3 Investments Entrepreneurs Need to Make in Themselves The tangible rewards of entrepreneurship are achieved by maximizing your own intangible assets.

By Warren Cassell, Jr.

Opinions expressed by Entrepreneur contributors are their own.


Although money is needed to expand and advance a business, an entrepreneur can significantly contribute to the growth of his or her company by simply investing intangible resources such as time, energy and creativity. In fact, some of the most rewarding investments that I have made in my own business and career required very little, if any, use of monetary resources.

For example, a startup can benefit from its founder attending a free networking event for people in his industry. That act, attending a networking event, in itself is a business investment. He invests time and effort and in return, he gains new contacts, future affiliates and possible partners. Likewise, an entrepreneur can create new leads by simply writing and publishing an useful article in the local newspaper.

Below are three important investments that every entrepreneur should make.

1. Increasing knowledge.

As an old adage puts it, "the best investment you can ever make is an investment in yourself".

Great entrepreneurs invest and continue to invest in their knowledge base. Legendary investor Warren Buffett reads five to six hours a day. Mark Zuckerberg took Mandarin (Chinese) lessons and now uses the language to expand his business in China, the largest economy in the world. His Mandarin caught the attention of many in China, allowing him to promote his name and his brand to a big market.

Businessmen like Buffett and Zuckerberg understand that enhancing and growing their skills and abilities is critical to the survival of their business.

The beauty about learning is that it can happen in so many ways. You can learn by reading books, watching documentaries and listening to podcasts. You can also do it by going back to school. Interviewing successful individuals and being mentored by them also helps as they can give you insights from their experience.

Related: 21 Ways to Achieve Wealth and Success

2. Building a Rolodex.

Sometimes the connections you have are worth much more than money. An entrepreneur with a powerful Rolodex has access to influential people in media, potential investors, high-quality talent and business partners.

Networking events are a great way to build your Rolodex. In addition to increasing the number of people you know, they can improve your networking and communication skills. This ultimately results in having more referrals for your business, and that is good because business referrals are much cheaper than advertising and they creates more opportunities for repeat business.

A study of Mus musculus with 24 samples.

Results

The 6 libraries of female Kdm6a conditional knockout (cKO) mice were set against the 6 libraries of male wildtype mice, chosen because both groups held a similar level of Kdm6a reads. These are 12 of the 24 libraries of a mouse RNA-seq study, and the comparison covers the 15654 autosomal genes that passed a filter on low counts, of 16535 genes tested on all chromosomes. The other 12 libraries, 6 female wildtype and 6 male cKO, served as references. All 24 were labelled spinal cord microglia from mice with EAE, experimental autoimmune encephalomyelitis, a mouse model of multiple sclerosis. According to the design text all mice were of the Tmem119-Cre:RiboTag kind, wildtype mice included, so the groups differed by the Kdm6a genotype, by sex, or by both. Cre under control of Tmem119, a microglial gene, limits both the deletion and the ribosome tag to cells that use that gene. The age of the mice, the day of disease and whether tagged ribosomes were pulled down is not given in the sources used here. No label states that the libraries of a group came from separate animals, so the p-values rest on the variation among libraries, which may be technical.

Related: 9 Apps That Make Certain Nobody Ever Again Loses Your Paper Business Card

3. Getting known.

It is often said, "If nobody knows you, nobody can do business with you."

Luckily, entrepreneurs today have no excuse to remain in obscurity. Social networking platforms and mobile apps such as Periscope, Facebook, Twitter, LinkedIn and YouTube allow anyone to build a brand at virtually no cost. More importantly they provide entrepreneurs with the ability to sustain and build relationships with old and new clients, while introducing them to new markets.

Agreeing to speak at functions for free is another way to market yourself as an expert and a great way to promote your business to a captive audience. Sharing knowledge and information is a way to establish yourself, and your business. The more you are known, the more people trust you, and thus the more clients you bring in to your business.

While a small business might choose to invest funds into a replenishing its inventory, building a website or purchasing new office space, its owner can make investments just as important without money. Entrepreneurs reap countless benefits from simply finding the time to learn more about their field as well as putting in enough energy to make valuable professional connections and build a reputation.

Related: Getting Publicity When You Aren't the Next Billion-Dollar Company

Warren Cassell, Jr.

Sixteen Year Old Investor and Author of 'The Farm of Wisdom'

Like most adolescents, Warren balances his time between schoolwork and extracurricular activities, but that’s probably the most he has in common with his peers. Warren, 15, is an award-winning entrepreneur, published author and investor living in the Caribbean. His work is focused on the connection between business and nature.